On sharehouses

So long and thanks for all the sh*t

So long and thanks for all the sh*t

Photo: Amazing Amazone

In the last three years I have lived with an average of nine different people a year in sharehouses around Brisbane, and in that whole time I’ve never written all that much about them. I thought John Birmingham said it all pretty well in He Died With a Felafel in His Hand and that Richard Lowenstein’s film adaptation showed it all. Turns out there’s an endless amount of stories and angles you can deal with, so I’ve got my five cents’ worth to add.

It all revolves around house work.

Things might start with the dishes getting to a stage where they devour the benchspace in the kitchen, move on to the garbage and recycling spilling foul-smelling unidentifiable watery stuff on your clothes and escalates from there. Maybe you have to cut the hedges at the front of the house with little pink stationary scissors because no one else will organise to get it done. Maybe you have to throw out the rotting pile of fruit that’s claimed the floor adjacent to the dining table.

Sure, you get that all the time. It’s part of the Great Sharehouse Experience, and it makes up half the funny stories you can tell once those days are behind you.

What I didn’t know was that moving is just as much a part of this Great Sharehouse Experience. I’ve never heard much about it before – I suppose because in sharehouses you often get people coming and going in between lease renewals. So when my last sharehouse got sold I got the full moving fiasco without warning.

It starts small enough, like the dishes. Someone accidentally takes something that’s clearly yours and brings it back, no problems. Then you realise that they’ve also left behind furniture, plants, rubbish and, oh? Is that a bean bag filling up our garbage bin so we can’t put anything else in there? Wonderful.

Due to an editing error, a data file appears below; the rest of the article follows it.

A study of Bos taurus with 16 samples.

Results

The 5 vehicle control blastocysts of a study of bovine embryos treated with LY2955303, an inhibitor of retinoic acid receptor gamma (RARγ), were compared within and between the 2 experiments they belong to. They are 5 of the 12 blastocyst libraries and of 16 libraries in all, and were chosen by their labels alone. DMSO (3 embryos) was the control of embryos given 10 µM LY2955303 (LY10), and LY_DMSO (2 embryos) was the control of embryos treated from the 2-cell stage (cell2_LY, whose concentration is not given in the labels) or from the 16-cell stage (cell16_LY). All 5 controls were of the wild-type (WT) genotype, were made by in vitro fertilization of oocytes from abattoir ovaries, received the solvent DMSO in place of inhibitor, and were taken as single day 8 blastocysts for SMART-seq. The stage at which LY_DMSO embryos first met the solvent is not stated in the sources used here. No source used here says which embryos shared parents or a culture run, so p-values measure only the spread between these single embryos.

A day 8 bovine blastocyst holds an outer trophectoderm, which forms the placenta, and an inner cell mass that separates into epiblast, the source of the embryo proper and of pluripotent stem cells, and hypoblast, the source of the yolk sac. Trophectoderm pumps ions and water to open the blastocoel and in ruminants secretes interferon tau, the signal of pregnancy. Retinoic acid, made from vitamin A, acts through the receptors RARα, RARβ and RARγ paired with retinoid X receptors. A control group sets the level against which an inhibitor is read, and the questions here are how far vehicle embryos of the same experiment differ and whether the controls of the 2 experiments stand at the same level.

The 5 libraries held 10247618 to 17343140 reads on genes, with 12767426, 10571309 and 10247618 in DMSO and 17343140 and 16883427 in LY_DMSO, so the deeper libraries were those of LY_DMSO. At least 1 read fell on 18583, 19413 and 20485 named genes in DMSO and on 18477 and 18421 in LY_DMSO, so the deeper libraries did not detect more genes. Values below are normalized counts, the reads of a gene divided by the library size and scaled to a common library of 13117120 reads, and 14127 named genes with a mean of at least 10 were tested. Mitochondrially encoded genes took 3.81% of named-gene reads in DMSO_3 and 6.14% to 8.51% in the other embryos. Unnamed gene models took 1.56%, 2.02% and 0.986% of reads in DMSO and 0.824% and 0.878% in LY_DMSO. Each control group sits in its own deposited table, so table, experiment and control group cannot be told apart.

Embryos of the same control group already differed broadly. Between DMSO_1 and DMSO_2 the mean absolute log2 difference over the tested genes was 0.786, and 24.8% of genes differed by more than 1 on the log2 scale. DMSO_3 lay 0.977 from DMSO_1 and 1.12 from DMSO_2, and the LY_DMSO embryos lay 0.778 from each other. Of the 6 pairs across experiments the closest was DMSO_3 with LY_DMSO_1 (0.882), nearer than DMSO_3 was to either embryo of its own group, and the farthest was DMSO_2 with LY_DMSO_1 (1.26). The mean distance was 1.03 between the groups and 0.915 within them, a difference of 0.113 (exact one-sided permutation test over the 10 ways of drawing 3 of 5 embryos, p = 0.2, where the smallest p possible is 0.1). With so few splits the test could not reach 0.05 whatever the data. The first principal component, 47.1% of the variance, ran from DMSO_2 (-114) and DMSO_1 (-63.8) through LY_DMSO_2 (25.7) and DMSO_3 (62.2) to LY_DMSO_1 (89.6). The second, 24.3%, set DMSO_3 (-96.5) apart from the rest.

It’s even more fun in a big house. Play clean-ups and find the giant box of skank clothes left by one girl, or the broken outdoor seat that someone brought home and no one wanted to claim after they realised how unfixable it was. Plus, if you have an owner overseas, enjoy finding stuff he’s hidden away like that giant, scary metal lamp behind the hot water system.

My favourite, by far, is the endless masses of cardboard boxes, bike parts, car parts and other rubbish – usually found in, or adjacent to, the garage. This is always more rubbish than you could fit into two giant garbage bins and more than enough recycling material for two of those wheelie bins. Imagine a pile of cardboard and rubbish so big it starts to take up a third of the reasonably-sized driveway, and comes up to your knees in height. Now imagine trying to squeeze that into a compact two-door car.

Now imagine realising you don’t have anything to do with 90 per cent of that crap. Bike? What bike? No one who ever lived here ordered a new bike – oh, wait, our housemate’s sibling got it delivered here. Our housemate who is conveniently out of town while we’re here slaving away in the sun, ripping up stupid boxes we aren’t responsible for so we can have a better chance of getting our bond back.

We stood there, hot, sweaty and tired. A day before the lease runs out and seriously pissed off that we have to deal with this stuff at our old house, even if it is only to let the $800 cleaners in and get rid of the crap. Fuming at our (friends) housemates for ditching us with so much crap and swearing as cardboard cuts our fingers and dust clogs up our airways.

I was pissed off, doing the work with my two current (and thankfully amazing) housemates but feeling like even a barking dog would set me off on a crazed, hissing rampage.

Enter the real estate agent, a day before the lease expires, with a bitchlook at us for being there and a glimmer in their eye promising us bond hassles.



Leave a Comment
  1. Denis Semchenko / Feb 5 2009 11:40 am

    Ah, moving out. When I left my Forest Lake unit early last year, the cleaners broke my glass tabletop when I misjudgingly left it to sit in the garage for a few days before I could entirely disassemble the table and fit it in my car – something I’ll never forget or forgive.

  2. Nick James / Feb 8 2009 5:11 pm

    Alack! Did you get the bond back?

    (They wasn’t meant to rhyme…)

  3. amybradneygeorge / Feb 15 2009 4:28 pm

    @ Denis – that’s terrible! I hope they compensated you.

    @ Nick – stay tuned for more on the bond, it’s yet to come my way.

  4. Denis Semchenko / Feb 15 2009 4:37 pm

    No they didn’t compensate me Amy, and in all fairness, I was slack about hitting them up for damages. I ended up buying new glass from IKEA…

    • amybradneygeorge / Feb 15 2009 6:52 pm

      Ah yeah, I guess if you don’t get onto them about it they’re apt to not offer compensation. Glad IKEA helped though!

  5. Birmo / Feb 19 2009 8:51 pm

    You have my sympathies. But I’m not helping you move.

    • amybradneygeorge / Feb 19 2009 9:23 pm

      But Birmo Movers has such a nice ring to it!